Saturday, June 25, 2005


The Green Lane to Nowhere

When I toured bookstores for Not Even Wrong, I ended my readings with a selection from another author altogether -- from a book that, in fact, I had chanced across in the Piccadilly Waterstone's just days earlier. I'd never heard of it or the author before, and I just picked it up off that store shelf because... I don't know why, actually.

Sometimes that just happens.

The piece I'd read from was about a local eccentric, quite possibly autistic before there was really a term for it, and how he'd become an odd but curiously vital part of his community. For one thing, his house was like a museum of prewar British life: he'd never updated much of anything, including the plumbing.

The book was An Audience With An Elephant by Byron Rogers; the publisher touts it as a tour of English eccentricity, though there's a good deal more in there that's simply unclassifiable. One story that still haunts me a year later is of a visit to a long-abandoned munitions factory that produced immense quantities of bombs over several centuries; workers sat on one-legged stools, so they couldn't nod off and allow an unchecked reaction to blow themselves and the surrounding countryside off the map.

I'm halfway into another collection of his, The Green Lane to Nowhere: The Life of an English Village. They're drawn from columns Rogers wrote about his Midlands village of Blakesley, where he proudly retains the sublimely useless post of Warden of Paths. I'd be surprised if it's sold more than a few dozen import copies in the US. But they actually do have it on Amazon, and it's a wonderful slice of the quiet beauties and absurd melancholies of English village life. Rogers does things like read the forgotten diaries of the village headmaster from a hundred years ago, climb into the vertiginous local bell tower, and try to track down a vicar who disappears leaving his vicarage door ajar and half-eaten food on the table, like a landlocked Mary Celeste.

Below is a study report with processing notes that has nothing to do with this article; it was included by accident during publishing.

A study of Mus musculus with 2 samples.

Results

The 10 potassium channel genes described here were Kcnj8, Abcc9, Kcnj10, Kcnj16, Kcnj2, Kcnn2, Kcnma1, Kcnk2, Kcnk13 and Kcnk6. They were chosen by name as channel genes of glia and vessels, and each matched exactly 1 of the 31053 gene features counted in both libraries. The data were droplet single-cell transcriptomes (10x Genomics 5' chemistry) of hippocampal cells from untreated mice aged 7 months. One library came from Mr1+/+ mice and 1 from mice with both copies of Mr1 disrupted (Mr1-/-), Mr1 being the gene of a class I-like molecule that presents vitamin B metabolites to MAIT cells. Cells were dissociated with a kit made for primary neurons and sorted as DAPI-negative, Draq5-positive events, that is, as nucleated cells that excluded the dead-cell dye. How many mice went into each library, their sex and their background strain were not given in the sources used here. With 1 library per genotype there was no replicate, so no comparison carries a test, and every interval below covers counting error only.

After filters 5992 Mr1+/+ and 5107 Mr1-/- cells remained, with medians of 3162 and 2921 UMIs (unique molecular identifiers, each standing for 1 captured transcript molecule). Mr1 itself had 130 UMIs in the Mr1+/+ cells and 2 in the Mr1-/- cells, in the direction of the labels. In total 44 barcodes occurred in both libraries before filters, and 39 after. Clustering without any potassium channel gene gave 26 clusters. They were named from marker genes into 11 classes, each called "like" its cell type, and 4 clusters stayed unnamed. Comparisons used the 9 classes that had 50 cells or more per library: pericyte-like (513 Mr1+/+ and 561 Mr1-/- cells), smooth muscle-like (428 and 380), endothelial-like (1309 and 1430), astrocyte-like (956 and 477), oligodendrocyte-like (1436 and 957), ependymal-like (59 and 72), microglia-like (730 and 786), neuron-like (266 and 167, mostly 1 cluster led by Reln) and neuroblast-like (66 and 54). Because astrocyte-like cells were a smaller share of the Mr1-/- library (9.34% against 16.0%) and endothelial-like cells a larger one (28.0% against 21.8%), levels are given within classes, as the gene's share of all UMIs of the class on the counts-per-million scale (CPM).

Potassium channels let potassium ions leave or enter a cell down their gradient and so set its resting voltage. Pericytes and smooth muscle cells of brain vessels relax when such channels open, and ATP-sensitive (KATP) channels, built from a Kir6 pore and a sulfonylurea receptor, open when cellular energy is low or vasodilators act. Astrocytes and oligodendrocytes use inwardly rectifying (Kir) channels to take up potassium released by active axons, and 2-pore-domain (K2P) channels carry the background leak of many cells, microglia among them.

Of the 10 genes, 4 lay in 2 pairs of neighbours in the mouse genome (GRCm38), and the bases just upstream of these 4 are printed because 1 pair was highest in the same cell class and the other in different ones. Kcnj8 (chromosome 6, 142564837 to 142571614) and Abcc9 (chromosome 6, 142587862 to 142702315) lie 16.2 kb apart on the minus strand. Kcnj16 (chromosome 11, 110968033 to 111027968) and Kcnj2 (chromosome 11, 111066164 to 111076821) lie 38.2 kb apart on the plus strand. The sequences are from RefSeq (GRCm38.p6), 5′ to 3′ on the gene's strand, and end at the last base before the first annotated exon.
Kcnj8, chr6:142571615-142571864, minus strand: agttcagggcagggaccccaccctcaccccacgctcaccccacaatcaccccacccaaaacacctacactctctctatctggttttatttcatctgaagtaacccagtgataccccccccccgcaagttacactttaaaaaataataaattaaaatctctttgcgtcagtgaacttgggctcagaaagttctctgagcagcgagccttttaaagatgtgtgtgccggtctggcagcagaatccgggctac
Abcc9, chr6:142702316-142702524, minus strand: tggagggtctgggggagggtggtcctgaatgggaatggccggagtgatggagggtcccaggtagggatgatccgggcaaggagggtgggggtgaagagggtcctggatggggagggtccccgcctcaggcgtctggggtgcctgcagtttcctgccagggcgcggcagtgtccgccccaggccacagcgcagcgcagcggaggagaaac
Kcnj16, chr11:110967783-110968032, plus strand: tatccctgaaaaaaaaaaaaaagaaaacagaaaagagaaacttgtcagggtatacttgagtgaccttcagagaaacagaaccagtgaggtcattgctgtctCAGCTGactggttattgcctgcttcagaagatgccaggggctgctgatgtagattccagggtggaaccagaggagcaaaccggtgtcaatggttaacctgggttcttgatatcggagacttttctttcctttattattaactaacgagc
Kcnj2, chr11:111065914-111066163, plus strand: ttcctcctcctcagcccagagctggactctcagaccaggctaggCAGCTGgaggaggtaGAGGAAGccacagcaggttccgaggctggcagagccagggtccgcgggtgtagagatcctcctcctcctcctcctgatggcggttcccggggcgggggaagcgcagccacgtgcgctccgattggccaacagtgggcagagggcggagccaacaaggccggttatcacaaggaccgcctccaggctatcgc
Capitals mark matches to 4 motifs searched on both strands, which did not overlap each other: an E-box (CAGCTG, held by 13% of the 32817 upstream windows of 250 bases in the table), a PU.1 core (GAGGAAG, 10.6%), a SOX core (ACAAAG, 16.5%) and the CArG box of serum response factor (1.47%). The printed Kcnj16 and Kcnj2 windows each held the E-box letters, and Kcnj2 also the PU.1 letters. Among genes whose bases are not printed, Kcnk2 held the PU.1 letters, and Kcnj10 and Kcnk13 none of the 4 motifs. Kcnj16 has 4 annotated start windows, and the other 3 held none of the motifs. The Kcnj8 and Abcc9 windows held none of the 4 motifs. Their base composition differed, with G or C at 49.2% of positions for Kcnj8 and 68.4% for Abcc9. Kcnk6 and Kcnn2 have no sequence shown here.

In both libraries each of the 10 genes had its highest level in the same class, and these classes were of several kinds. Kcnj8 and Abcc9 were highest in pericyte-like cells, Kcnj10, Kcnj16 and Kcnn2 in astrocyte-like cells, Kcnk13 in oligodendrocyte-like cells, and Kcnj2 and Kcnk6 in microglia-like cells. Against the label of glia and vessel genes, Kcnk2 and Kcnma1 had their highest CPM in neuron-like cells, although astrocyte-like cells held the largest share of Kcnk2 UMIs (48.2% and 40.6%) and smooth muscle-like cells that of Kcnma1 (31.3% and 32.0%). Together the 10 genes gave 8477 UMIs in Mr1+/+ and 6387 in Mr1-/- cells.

A sample:

"What are you like at heights?"

The question surprised me, for the tower did not look that high. "You'll be surprised," said Phil. "It's a bit odd up there."

The church was extensively rebuilt in the 1890s... the pillars and interior walls, even the gargoyles, are now of hard Victorian stone, except the little door to the side of the bellropes, which, like men on the frontier of fairyland, we crouched to enter. Beyond that door is the thirteenth century. No hardness here, everything is blurred with use, and the winding narrow stair makes you think you are entering the heart of stone. There is much white dust.... Here everything moved. It is a cluttered place, of wood and metal and wheels, where if you steady yourself against a bell, it begins to roll...

By the end of it, Rogers is virtually fleeing for his life down an ancient trap door. It's splendid stuff, and he really does deserve a wider audience.